You were blown away during his job interview. His rich work history is filled to the brim with amazing accomplishments. And he comes highly recommended with references upon references.
Now, several months in, your shining star is falling way below your high expectations. What’s the deal? It’s time to face the possibility that you may be part of the problem.
1. You aren’t giving the employee enough autonomy to be smart
Steven Lowell recently quit a job, where he was specifically brought in for his knowledge and expertise, after six years.
“After being hired, I had to check my credibility at the door,” Lowell says. “For all the knowledge I had, I was barely listened to and micromanaged into a position where I only spoke when requested and if I agreed with the boss.”
There are few ways faster than micromanaging to suck the enthusiasm out of an employee. By controlling every detail, you strip away the creativity, fresh perspective and confidence. These are the very qualities for which you hired your star employee. Where’s the trust? Employers, conversations about autonomy are worth having with your employees.
2. You are too focused on establishing your authority
Some star employees find that managers may feel threatened by bright, new talent.
For instance, “I’ve seen managers deny personal time to employees for no other reason than to establish who is boss,” says Steve Silberberg, owner at FitPacking.com.
Two words: power trip.
At least that’s what it seems like when you arbitrarily write off requests, projects or ideas with no explanation. You will get better results if you take just a minute to walk employees through your decisions, regardless of whether you worry about establishing authority. Treating employees as lesser people is a surefire way to breed resentment and poor performance.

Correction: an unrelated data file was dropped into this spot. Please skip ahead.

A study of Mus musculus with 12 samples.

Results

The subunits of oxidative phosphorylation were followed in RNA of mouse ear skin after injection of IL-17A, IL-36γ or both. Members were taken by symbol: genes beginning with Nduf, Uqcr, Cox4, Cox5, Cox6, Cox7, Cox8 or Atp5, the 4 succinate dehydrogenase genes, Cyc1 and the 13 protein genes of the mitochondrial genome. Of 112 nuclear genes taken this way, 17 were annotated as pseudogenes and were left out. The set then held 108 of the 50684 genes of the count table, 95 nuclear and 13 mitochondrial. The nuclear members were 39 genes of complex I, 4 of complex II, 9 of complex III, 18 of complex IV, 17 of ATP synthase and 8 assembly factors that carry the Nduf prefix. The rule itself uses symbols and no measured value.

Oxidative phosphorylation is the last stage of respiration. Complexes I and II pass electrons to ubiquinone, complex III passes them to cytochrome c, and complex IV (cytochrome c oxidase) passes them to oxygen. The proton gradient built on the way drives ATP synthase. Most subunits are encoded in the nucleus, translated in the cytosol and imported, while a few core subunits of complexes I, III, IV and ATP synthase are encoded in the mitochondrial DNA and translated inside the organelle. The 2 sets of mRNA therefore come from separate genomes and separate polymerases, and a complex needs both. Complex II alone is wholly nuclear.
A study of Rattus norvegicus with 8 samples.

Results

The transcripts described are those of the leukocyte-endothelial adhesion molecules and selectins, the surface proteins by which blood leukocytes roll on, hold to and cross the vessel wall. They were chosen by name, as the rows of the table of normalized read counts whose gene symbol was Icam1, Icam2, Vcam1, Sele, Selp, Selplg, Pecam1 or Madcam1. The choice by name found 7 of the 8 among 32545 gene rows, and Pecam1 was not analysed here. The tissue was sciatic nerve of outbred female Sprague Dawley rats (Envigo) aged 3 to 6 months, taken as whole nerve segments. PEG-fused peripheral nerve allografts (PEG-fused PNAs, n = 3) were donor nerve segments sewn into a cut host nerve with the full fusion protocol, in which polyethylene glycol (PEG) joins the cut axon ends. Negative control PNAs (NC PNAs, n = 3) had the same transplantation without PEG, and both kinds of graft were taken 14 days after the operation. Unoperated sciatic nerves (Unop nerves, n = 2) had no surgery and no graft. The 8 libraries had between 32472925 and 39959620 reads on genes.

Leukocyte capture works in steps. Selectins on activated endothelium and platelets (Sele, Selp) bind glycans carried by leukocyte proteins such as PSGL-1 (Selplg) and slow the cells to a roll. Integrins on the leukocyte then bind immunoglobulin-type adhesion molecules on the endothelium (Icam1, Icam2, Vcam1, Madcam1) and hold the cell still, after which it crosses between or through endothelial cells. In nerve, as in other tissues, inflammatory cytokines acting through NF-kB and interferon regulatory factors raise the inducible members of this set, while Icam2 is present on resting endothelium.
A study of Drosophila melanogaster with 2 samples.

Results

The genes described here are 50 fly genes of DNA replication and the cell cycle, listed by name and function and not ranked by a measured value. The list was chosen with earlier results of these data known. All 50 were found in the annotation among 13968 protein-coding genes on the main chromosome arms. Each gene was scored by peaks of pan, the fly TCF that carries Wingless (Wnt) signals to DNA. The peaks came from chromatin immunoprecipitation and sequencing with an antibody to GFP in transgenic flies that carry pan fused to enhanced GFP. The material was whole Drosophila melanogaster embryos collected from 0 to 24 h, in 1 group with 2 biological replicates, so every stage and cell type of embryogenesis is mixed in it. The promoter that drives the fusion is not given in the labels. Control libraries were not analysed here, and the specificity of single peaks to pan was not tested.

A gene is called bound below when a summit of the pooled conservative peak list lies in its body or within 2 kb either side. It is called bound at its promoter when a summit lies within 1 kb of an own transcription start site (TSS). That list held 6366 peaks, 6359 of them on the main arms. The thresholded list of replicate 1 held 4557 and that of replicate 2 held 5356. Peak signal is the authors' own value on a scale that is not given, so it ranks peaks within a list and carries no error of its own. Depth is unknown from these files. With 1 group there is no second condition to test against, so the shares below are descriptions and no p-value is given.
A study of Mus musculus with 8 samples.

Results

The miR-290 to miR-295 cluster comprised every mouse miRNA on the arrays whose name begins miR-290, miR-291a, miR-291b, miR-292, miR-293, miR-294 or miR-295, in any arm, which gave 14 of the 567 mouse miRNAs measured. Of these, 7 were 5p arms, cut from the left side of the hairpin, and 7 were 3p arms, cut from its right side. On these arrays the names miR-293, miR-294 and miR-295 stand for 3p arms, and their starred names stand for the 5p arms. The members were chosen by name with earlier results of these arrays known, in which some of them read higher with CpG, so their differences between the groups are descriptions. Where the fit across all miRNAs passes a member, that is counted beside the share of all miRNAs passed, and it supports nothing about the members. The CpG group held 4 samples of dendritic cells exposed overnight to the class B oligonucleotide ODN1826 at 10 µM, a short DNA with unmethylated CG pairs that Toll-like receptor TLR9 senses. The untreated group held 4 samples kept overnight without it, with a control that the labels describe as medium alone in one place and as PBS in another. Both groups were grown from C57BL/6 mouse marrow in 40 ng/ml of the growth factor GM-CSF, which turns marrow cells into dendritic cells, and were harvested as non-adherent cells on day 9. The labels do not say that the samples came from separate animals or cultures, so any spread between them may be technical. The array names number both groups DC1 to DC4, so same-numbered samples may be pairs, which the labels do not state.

3. You aren’t setting clear expectations
Your smart, skilled employees may be falling short of your expectations because, well, they don’t know what your expectations are, says Roberta Matuson, the talent maximizer at Matuson Consulting.
A mutual understanding of agreed-upon benchmarks, goals and vision is the key to managing expectations. There’s no other way.
Silberberg has seen this common managerial blunder particularly in the programming field. Some managers “get frustrated with code that is ‘almost there,’ because they sample it at some arbitrary point,” Silberberg says. Instead of allowing the coder to move forward to complete the overhaul or enhancements, the manager will “turn back the clock and throw out days or weeks of development in order to go back to a stable, far less functional state.”
You need “to provide continuous feedback to your people and go over expectations,” Matuson says, “even if you think it should be obvious.”
4. You hired a company cultural misfit
“A poor culture fit is the biggest hurdle for a new employee to clear,” says Charley Polachi, partner at Polachi Access Executive Search. “Even a seasoned player can’t play their A game if the new culture is not what they expected.”
That’s why it’s critical to for you as the manager to portray the authentic environment accurately during the interview instead of presenting an inaccurate portrait of your company, he says.
In most cases, you simply can’t fit a square into a circle. So it’s up to you to decide just how flexible you are willing to be with your smart, cultural misfit.
Ritika Trikha writes at CareerBliss.com, a job-information website that helps people find happiness in the workplace.